On November 10, 2015, the Federal Circuit issued its opinion in Prometheus Laboratories, Inc. v. Roxane Laboratories, Inc. et al., No. 14-1634, -1635, slip op. (Fed. Cir. Nov. 10, 2015) affirming the district court’s decision invalidating U.S. Patent No. 6,284,770 (“the ‘770 patent”). The district court found that “the elements of the ‘770 patent were present in the prior art, and the differences between the prior art and the claims of the ‘770 patent are insubstantial . . . [as] some of the prior art is virtually identical to the claimed inventions.” Id. at 6. The district court further found that any alleged secondary considerations of non-obviousness did not overcome the prima facie case of obviousness. Id. at 6-7.

The claims of the ‘770 patent are directed to a method of treatment for IBS-D (diarrhea-predominant irritable bowel syndrome) utilizing the previously known active pharmaceutical ingredient, alosetron (marketed as Lotronex®). Id. at 2. In particular, the ‘770 patent claims are directed to treating women with IBS-D, who experienced symptoms, including pain, for at least six months. Id. at 3-4. The main prior art reference, U.S. Patent No. 5,360,800 (“the ‘800 patent”), described and claimed a “method of treating a condition [such as IBS] which is ameliorated by antagonism of 5-HT3 receptors which comprises administering to a patient an effective amount of [alosetron].” Id. at 3 (quoting claim 17 of the ‘800 patent, and noting that claim 27 of the ‘800 patent specifies the treatment of IBS). The Federal Circuit, the district court, and the parties agreed that the ‘770 patent claims recite a species of the genus taught in the ‘800 patent— i.e., the ‘770 patent recites a method of treating a narrow population suffering from IBS-D with alosetron while the ‘800 patent generally discloses (and even claims) a method of treating IBS with alosetron. Id. at 8-9.

Without getting to the obviousness-type double patenting question, in affirming the obviousness of the ‘770 patent claims, the Federal Circuit reaffirmed its holdings in AbbVie Inc. v. Mathilda & Terrence Kennedy Inst. of Rheumatology Tr., 764 F.3d 1366 (Fed. Cir. 2014): in the context of an obviousness analysis, “if the later expiring patent is merely an obvious variation of an invention disclosed and claimed in the reference patent, the later expiring patent is invalid.” AbbVie, 764 F.3d at 1378-79; Prometheus, slip op. at 14.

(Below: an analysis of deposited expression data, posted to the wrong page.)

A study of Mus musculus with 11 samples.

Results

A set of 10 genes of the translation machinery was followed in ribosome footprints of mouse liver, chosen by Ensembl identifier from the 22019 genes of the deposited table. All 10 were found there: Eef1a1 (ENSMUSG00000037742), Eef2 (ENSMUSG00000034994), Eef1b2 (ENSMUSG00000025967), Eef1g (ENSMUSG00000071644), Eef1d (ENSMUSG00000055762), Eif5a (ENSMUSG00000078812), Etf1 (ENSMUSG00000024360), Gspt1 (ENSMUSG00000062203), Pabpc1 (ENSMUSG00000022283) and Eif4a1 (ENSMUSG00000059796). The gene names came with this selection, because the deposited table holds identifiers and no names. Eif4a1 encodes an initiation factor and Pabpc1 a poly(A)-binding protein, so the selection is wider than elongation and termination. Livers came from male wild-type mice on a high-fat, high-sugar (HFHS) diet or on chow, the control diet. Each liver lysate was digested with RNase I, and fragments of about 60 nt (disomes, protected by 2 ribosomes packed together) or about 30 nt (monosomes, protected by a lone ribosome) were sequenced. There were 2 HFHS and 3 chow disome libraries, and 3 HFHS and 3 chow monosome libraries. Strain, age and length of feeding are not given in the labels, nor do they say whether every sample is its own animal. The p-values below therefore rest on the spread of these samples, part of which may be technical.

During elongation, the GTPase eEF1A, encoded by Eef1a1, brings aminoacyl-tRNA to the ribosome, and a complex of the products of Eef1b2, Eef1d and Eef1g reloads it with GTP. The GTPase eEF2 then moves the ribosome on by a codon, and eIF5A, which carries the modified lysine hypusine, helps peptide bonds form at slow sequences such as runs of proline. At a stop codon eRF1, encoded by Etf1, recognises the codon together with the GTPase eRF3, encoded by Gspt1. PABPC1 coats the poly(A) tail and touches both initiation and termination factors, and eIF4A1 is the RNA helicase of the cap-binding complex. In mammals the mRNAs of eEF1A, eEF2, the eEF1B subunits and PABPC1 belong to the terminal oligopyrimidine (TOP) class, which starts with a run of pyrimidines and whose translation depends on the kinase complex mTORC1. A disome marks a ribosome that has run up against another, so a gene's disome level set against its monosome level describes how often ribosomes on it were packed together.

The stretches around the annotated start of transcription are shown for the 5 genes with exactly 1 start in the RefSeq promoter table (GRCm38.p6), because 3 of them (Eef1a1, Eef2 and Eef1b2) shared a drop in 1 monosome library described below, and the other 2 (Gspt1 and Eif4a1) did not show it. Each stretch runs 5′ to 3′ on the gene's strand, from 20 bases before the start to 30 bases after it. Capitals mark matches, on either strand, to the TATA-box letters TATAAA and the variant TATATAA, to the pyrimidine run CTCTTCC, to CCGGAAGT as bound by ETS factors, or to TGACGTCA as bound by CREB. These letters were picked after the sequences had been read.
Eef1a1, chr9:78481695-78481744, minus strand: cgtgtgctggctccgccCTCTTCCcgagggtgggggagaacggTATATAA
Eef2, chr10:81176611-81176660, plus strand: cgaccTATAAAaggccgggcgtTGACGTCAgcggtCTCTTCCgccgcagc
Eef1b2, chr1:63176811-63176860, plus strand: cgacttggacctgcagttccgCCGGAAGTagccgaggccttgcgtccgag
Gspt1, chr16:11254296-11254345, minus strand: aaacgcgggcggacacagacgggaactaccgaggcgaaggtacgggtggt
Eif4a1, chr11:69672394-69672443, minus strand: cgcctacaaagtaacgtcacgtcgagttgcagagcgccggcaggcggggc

The Federal Circuit also was not persuaded that any alleged secondary considerations of non-obviousness overcame the prima facie showing of obviousness. Id. at 14-17. For example, the Federal Circuit agreed with the district court’s conclusion that Prometheus did not show its commercial success evidence had appropriate nexus to the ‘770 patent claims because “the growth in revenue [since Lotronex’s reintroduction into the market] is due to Prometheus’s actions in marketing, increasing the price of Lotronex, and introducing a series of rebates to stimulate sales of the drug, rather than from the treatment method claimed in the ‘770 patent.” Id. at 15. Likewise, the Federal Circuit agreed that any alleged long-felt-need or unexpected results were due to the known drug compound itself rather than the ‘770 patent’s method of treatment. Id. at 16-17.   

The Prometheus decision provides support to ANDA filers for invalidating method of treatment patents as obvious when the claimed method is simply a narrower variation of a method described in a prior art reference. Prometheus reaffirms, in part, that: (1) a claimed method species can be invalidated by the prior art genus; (2) commercial success does not support non-obviousness when premised on marketing activities and price increases; and (3) the benefits of using a known drug compound do not support any alleged unexpected results and/or long-felt unmet need when those benefits are attributable to the drug itself and not the claimed methods of treatment.